As we emerge from what is hopefully the nadir of 2020’s coronavirus pandemic, the biggest concern for millions of individuals and businesses alike is survival. Even as experts seek a vaccine and leaders debate the best public safety strategy moving forward, we all need a secure source of income to go with good health. Across jobs and industries, remote work has provided a solution for many. But is it here to stay, and how far should you go to adapt?

Continue To Embrace Remote Work

In previous years, the trend towards remote work had been increasing, but many businesses resisted its implementation. Outside of high-tech companies and industries, the requisite platforms and skills weren’t widely available. The logistics involved in training personnel and overhauling existing systems made many employers slow to adapt.

Yet necessity, born of crisis, has driven change. Advances in technology such as telemedicine software have enabled previously less mobile workers like healthcare practitioners to reach out and interface with patients online. Lockdown measures have forced widespread implementation of remote working arrangements. Given this chance, remote workers have demonstrated that they can be productive and carry out many functions without having to report to the office.

Some people would continue to caution against adopting remote working measures in the long term. But ultimately, businesses listen to economic advantages. Having employees work outside the office saves floor space and reduces overhead costs. Remote workers avoid having to deal with traffic congestion, enjoy work-life balance, and tend to dedicate more productive hours to their jobs.

With such proven advantages, remote work figures to be a mainstay for many workplaces. Adapt your mindset; don’t treat it as a one-off emergency measure. Many people had to quickly learn how to use several essential tools, such as Slack, Zoom, and Trello. Those tools will evolve and might be replaced by emerging new technologies.

Stay on top of these changes, and you can be an asset to your team by identifying opportunities to keep improving in terms of collaboration and communication.

Focus On Upskilling

Despite these advances in technology and a growing shift in attitudes among employers, many people have had trouble seizing the opportunities provided by remote working. As of the end of May 2020, the national unemployment rate was 14.7%; over 40 million Americans had filed for unemployment in ten weeks of the coronavirus-induced crisis. These historic numbers suggest that for some people, working from home is not yet an option.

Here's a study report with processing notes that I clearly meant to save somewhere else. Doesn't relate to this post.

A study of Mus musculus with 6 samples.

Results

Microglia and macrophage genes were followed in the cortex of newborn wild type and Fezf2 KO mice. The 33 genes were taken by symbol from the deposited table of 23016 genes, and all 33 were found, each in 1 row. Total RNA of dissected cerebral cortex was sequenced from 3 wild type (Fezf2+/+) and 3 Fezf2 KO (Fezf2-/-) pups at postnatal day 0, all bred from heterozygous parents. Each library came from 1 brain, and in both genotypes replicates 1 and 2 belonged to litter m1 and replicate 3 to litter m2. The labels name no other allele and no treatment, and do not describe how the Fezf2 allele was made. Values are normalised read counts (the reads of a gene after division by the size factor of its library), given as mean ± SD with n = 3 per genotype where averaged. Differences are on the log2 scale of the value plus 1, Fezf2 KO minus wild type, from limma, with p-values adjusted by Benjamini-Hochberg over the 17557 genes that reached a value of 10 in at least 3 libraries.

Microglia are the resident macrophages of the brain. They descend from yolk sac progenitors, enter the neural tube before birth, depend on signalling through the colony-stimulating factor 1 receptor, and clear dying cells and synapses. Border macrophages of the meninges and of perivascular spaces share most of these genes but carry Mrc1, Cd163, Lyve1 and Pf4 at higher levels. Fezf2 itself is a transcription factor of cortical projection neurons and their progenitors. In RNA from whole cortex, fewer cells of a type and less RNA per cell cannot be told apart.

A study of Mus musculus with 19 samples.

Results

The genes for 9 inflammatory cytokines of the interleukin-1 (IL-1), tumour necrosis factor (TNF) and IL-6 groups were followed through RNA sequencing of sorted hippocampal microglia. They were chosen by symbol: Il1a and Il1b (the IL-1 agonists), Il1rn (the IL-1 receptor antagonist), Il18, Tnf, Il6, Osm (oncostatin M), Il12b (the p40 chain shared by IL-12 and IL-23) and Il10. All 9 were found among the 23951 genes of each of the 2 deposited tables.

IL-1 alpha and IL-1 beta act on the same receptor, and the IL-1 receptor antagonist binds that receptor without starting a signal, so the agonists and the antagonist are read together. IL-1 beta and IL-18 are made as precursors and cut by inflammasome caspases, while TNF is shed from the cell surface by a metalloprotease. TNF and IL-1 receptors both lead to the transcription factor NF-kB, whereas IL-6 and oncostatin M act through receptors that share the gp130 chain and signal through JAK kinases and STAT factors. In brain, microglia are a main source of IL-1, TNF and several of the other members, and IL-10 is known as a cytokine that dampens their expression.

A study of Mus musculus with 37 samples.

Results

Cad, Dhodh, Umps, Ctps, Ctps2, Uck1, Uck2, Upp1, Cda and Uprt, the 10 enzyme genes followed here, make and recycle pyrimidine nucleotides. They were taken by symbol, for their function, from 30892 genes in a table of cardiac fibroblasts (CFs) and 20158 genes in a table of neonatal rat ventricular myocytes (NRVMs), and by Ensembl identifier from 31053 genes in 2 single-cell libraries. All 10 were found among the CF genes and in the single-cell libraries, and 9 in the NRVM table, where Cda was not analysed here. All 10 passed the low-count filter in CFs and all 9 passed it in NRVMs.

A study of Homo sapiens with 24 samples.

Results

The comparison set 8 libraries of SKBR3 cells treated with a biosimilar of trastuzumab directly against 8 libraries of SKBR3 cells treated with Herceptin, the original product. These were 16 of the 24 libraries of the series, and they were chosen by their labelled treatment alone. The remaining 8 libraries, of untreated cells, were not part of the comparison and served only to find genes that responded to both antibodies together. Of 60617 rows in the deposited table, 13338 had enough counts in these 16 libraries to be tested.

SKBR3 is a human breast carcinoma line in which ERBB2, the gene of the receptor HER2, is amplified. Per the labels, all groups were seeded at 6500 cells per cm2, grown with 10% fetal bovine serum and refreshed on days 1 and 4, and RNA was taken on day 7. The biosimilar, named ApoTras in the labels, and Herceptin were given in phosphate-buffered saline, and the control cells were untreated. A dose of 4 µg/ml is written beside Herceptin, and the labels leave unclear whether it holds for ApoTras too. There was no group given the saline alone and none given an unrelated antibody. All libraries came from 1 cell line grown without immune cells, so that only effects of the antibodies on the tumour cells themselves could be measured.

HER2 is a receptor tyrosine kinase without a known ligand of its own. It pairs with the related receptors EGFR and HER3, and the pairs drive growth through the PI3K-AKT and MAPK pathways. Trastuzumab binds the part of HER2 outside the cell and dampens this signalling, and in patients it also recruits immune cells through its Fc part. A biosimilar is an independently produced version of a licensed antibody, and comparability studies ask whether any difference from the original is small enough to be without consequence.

While our leaders in business and government strive to address this situation, you can also learn from some critical insights presented by the crisis and take steps to be better positioned in the future. The chance to work remotely can vary by industry. Retail and hospitality workers, for instance, are more likely to be required to show up for their jobs. Education is a strong factor. High wage-earners with a college degree tend to occupy a higher percentage of management or financial positions, with more tasks that can be fulfilled online.

The actionable lesson here is that not that you should change careers or pursue further education. Such a plan might work for a few, but it’s hardly feasible for most people. Instead, what everyone can do is to adopt a continuous learning philosophy, and focus on upskilling to tackle relevant tasks. This will make you a more valuable asset to your current employer and make you a top candidate to work remotely should the need arise.

Set aside even a couple of hours each day to learn a specific skill that can be carried out remotely. Back-office tasks such as data entry, schedule management, or transcription are an easy point of entry into this sort of work. Businesses love to outsource these tasks due to their repetitive nature, so you’re more likely to find opportunities here. If you’re up to the challenge and have some transferable skills, you can also practice working in design or writing, and potentially end up with a higher payoff.

Be Antifragile

Surviving a significant shake-up requires resiliency, but growing stronger as a result is another matter. The author and philosopher Nassim Nicholas Taleb coined the term ‘antifragile’ to indicate something with the property to gain from randomness. This ability to only become stronger is what distinguishes the antifragile from the resilient.

Living through these times, everyone could benefit from applying the lessons of antifragility. Expanding your skillset, as noted earlier, is one way to gain from change. Exercising financial discipline and diversifying your assets and revenue streams will also give you more options whose value could increase in an uncertain future.

Don’t forget to look in the opposite direction since people are likely to embrace remote working en masse. You might just find an excellent business opportunity in fulfilling needs that still rely on in-person services.

No matter how things unfold, remote working seems set to play a major role in the economy moving forward. With these adjustments, you can embrace working remotely and continue to thrive in an uncertain future.